McCain calls Supreme Court ‘uninformed, arrogant, naive’ for Citizens United
Former Republican presidential nominee John McCain says he’s “worried” that billionaire Sheldon Adelson, who reportedly may contribute up to $100 million in support of GOP hopeful Mitt Romney, and others could have an undue influence on elections as a result of the Supreme Court’s Citizens United decision.
“I’m not only worried about him, I’m worried about many others,” McCain told NBC’s David Gregory on Sunday. “I’ve always been concerned about the labor unions who take money from their union members and without their permission, contribute to causes that they may not support. So am I concerned about the incredible amount of money that’s washing around? Yeah.”
“Sheldon Adelson makes money from a foreign casino as well,” Gregory noted. “You said this week it’s tantamount to foreign money getting into the [Romney] campaign.”
“I think there will be scandals associated with the worst decision of the United States Supreme Court in the 21st century,” McCain explained. “Uninformed, arrogant, naive. I just wish one of [the justices] had run for county sheriff. That’s why we miss people like [former Chief Justice] William Rehnquist and [former Justice] Sandra Day O’Connor, who had some experience with congressional and other races.”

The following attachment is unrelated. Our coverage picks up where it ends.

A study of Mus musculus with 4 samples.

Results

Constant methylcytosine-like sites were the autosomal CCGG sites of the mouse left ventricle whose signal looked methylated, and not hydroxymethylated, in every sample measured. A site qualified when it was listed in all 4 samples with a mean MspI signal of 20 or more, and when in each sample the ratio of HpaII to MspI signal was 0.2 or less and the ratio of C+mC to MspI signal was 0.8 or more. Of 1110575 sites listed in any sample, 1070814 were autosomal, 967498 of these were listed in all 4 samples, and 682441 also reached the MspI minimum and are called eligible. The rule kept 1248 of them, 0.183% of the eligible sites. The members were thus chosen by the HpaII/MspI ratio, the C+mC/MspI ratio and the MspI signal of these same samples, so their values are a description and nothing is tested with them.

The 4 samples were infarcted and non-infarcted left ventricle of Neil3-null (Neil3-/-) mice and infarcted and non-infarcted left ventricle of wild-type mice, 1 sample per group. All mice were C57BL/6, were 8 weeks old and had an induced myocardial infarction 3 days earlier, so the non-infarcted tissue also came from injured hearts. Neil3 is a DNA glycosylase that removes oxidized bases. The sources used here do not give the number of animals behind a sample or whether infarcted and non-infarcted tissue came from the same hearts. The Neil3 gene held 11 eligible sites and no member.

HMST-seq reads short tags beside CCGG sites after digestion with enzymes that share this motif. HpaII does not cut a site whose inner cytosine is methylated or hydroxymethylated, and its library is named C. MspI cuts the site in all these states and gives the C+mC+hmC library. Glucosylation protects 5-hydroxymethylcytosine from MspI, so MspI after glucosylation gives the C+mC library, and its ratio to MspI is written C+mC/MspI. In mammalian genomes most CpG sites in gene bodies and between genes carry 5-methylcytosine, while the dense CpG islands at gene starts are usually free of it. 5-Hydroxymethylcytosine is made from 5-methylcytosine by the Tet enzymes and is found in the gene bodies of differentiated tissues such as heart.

“Do you think Adelson himself will have undue influence on Mitt Romney?” Gregory pressed.
“Not any more than other people who give lots of money,” McCain replied. “The whole system is broken and it’s a wash. I don’t pick out Mr. Adelson and more than I pick out [AFL-CIO President Richard] Trumka.”
“So the fact is that the system is broken. I predict to you that there will be scandals and I predict to you that there will be reform again.”
In a Friday interview on PBS, McCain said that Adelson’s contributions to Romney’s presidential ambitions amounted to “foreign money” influencing a U.S. political campaign.
That remark seemed to be somewhat at odds with Romney’s assertion at the Iowa State Fair last year that “corporations are people, my friend.”
“I think that in that context he was talking about they are made up of people and that’s true in that context,” McCain explained. “But to be corporations for purposes of involving campaigns, to be treated the same as people, I just don’t agree with that.”
Watch this video from NBC’s Meet the Press, broadcast June 17, 2012.